Campaigners hope UK will follow Australia’s lead on plain packaging for cigarettes

Tobacco plain packaging improves retail transaction times

11 February 2013

Tobacco plain packaging improves retail transaction times: first real-life data from Australia repudiating tobacco retail industry scaremongering


Owen Carter, Matthew Welch, Brennen Mills, Tina Phan and Paul Chang
Edith Cowan University

On 1 December, 2012, Australia aimed to reduce the appeal of cigarettes by implementing mandatory, plain, generic packaging for all tobacco products.(1-2) The UK government is currently considering similar legislation but national retail groups, with generous funding from the tobacco industry, have mounted vigorous opposition campaigns, arguing generically packaged tobacco brands would be virtually indistinguishable on shelves, thereby increasing selection times and errors for tobacco transactions, leading to lost revenue and customers, and ultimately to store closures.(3) Two industry-funded, non-peer-reviewed studies predict transaction times will increase by 15–45 seconds and selection errors by 5–25%,(3-4) costing the sector around £37m each year.(5) In contrast, a scientific, peer-reviewed study simulating 5,200 tobacco transactions suggests selection times are actually quicker for generic than coloured packs (2•92 vs. 3•17 seconds, p<.05) and result in fewer selection errors (0•4% vs. 1•5%, p<.05) due to consistent labelling.(6) The industry dismisses this study as having ‘significant methodological shortcomings’ for failing to use experienced retail staff or account for distractions in the real retail environment.(7)

To determine the actual impact of plain packaging on transaction times in Australia, one month before and after 1 December 2012 we timed tobacco transactions at 100 convenience stores, newsagents, petrol stations and supermarkets from 16 suburbs of Perth, Australia. Researchers entered stores and asked for a pre-determined brand of cigarettes from a randomly ordered list of the 17 most popular tobacco brands in Australia.(8) Stopwatches concealed in pockets measured time from request to retailers either electronically scanning or placing requested cigarettes on counter. Researchers then apologised for forgetting their wallets, left stores and noted selection errors. Between October 2012 and January 2013 more tobacco retailers decreased than increased selection times (Wilcoxon Signed Ranks Test: n=61 vs. 39, z=-2•522, p<•05) with average selection times decreasing significantly from 8•94 seconds (95% CI 7•63–10•25) to 7•39 seconds (95% CI 6•38–8•40) (one-tailed paired-samples t-test: t(99)=1•964 p<•05). Selection errors also decreased from 3% to 2% (p=NS).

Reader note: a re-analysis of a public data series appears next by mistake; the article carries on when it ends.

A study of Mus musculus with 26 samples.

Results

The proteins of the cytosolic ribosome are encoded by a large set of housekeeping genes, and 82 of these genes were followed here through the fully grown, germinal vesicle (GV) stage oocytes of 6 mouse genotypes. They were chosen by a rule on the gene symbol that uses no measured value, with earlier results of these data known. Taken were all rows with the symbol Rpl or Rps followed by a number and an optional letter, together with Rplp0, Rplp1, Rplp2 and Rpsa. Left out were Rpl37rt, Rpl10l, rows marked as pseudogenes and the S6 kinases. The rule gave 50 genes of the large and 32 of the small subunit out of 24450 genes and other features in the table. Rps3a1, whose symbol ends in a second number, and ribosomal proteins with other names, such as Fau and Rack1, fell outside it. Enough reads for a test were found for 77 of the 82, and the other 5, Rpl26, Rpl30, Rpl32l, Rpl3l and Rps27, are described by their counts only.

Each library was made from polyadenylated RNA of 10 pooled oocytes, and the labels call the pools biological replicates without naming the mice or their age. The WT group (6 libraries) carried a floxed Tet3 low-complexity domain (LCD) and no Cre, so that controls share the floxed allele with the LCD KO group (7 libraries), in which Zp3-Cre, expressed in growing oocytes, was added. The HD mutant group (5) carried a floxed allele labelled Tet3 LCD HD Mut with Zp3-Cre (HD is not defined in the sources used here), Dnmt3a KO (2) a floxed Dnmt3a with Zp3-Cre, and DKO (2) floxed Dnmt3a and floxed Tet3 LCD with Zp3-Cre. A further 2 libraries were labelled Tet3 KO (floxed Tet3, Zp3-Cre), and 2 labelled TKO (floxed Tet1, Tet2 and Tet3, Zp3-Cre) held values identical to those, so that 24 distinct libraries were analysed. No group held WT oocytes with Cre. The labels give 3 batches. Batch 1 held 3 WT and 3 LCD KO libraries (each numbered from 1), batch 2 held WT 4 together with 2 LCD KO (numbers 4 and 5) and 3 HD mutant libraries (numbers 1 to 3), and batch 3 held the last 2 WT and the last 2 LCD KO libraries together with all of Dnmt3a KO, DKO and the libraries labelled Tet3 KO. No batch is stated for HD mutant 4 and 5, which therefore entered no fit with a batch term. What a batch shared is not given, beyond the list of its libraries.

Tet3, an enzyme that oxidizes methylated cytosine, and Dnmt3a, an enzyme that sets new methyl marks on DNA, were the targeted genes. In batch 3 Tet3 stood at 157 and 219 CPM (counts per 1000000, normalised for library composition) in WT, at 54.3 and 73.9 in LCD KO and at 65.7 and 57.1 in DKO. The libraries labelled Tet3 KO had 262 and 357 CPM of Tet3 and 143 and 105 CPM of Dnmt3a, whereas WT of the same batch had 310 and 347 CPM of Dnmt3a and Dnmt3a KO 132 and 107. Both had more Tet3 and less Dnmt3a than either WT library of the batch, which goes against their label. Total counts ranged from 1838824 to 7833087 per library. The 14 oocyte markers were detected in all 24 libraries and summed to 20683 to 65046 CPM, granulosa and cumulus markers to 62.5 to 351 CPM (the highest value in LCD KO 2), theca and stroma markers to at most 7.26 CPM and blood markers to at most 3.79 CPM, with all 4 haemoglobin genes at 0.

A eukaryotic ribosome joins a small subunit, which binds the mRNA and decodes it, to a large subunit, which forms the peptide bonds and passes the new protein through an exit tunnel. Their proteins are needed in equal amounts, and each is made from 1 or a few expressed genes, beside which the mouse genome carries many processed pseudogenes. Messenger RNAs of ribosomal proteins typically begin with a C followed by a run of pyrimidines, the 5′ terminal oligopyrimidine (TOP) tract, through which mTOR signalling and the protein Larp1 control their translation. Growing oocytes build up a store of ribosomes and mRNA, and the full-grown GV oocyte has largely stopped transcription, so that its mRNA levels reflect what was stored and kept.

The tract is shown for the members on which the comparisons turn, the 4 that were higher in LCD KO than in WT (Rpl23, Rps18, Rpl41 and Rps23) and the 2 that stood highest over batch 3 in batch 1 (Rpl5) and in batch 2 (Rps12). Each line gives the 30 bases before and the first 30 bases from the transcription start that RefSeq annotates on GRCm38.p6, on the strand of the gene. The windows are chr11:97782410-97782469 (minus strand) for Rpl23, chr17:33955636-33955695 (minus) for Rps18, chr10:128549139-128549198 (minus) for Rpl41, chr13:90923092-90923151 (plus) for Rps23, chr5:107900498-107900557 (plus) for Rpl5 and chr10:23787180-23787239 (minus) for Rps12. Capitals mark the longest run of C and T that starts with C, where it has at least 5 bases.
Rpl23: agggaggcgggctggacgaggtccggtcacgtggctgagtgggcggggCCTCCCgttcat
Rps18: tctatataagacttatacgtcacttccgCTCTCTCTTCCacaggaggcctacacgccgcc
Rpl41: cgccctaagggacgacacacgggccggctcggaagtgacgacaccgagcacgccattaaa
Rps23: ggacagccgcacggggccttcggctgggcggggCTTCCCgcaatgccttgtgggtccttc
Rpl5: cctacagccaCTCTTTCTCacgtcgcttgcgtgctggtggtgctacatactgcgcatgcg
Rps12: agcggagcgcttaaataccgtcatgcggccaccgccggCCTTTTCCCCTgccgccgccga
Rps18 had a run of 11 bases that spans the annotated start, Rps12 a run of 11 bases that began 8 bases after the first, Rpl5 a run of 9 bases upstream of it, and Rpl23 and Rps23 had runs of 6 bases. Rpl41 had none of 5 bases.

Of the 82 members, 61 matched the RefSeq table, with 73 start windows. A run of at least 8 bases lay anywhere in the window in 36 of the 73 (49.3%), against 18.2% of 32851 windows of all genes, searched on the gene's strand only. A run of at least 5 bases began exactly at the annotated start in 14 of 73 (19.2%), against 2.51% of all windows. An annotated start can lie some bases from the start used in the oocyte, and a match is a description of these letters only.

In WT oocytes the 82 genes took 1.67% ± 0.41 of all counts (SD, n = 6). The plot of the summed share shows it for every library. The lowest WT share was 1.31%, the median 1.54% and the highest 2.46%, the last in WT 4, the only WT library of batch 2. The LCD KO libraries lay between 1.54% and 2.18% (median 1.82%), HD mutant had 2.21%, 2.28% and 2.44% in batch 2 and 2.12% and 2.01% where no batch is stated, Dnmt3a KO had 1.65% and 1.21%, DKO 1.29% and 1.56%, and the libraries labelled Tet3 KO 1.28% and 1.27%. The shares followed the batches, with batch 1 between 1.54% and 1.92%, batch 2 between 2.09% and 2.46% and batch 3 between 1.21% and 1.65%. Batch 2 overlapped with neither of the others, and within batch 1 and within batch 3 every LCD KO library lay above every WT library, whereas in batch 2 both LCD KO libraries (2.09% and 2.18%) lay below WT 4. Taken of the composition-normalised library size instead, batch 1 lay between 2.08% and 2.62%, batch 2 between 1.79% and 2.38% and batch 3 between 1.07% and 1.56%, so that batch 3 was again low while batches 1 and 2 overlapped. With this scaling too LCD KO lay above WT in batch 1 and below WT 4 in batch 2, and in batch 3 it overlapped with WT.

These real-life data confirm that generic tobacco packaging actually provides modest gains in retailer efficiency consistent with previous peer-reviewed data, completely contradicting self-interested, tobacco-industry-funded, non-peer-reviewed research. In the face of such evidence, national trade associations in the UK should urgently withdraw their objections to the tobacco plain packaging legislation currently being considered by the UK government—if they sincerely represent the best interests of their members and support the future health of British citizens.

1. Francis T. Plain cigarette packaging begins in Australia. The Lancet 2012;380(9857):1896.
2. Tobacco Plain Packaging Act 2011. Stat. No. 148, 2011. Available at (Accessed 12 January, 2013)
3. Deloitte. Potential impact on retailers from the introduction of plain tobacco packaging. Sydney: Alliance of Australian Retailers, 2011. Available at: (Accessed 12 January, 2013)
4. Visuality Group Limited. The Effects of Standardised Tobacco Packaging on Retail Service in the UK. Rural Shops Alliance, 2012. Available at: (Accessed 12 January, 2013).
5. Talking Retail. Plain tobacco packaging will cost convenience stores £37m a year, says report. 12 October 2012. Available at: (Accessed 12 January 2013).
6. Carter O, Mills B, Phan T, Bremner J. Measuring the effect of cigarette plain packaging on transaction times and selection errors in a simulation experiment, Tobacco Control, 21, 572–577, 2012.doi:10.1136/tobaccocontrol-2011-050087.
7. Association of Convenience Stores. Consultation on Standardised Packaging of Tobacco Products Response of the Associate of Convenience Stores. UK, 2012. Available at: (Accessed 12 January, 2013)
8. Scollo MM, Winstanley MH, eds. Tobacco in Australia: Facts and Issues. 3rd edn. Melbourne: Cancer Council Victoria, 2008.

Competing interests: None declared

Owen BJ Carter, Associate Professor

Matthew Welch, Brennen Mills, Tina Phan, Paul Chang

Edith Cowan University, 270 Joondalup Dr, Edith Cowan University, Joondalup, Western Australia, 6027.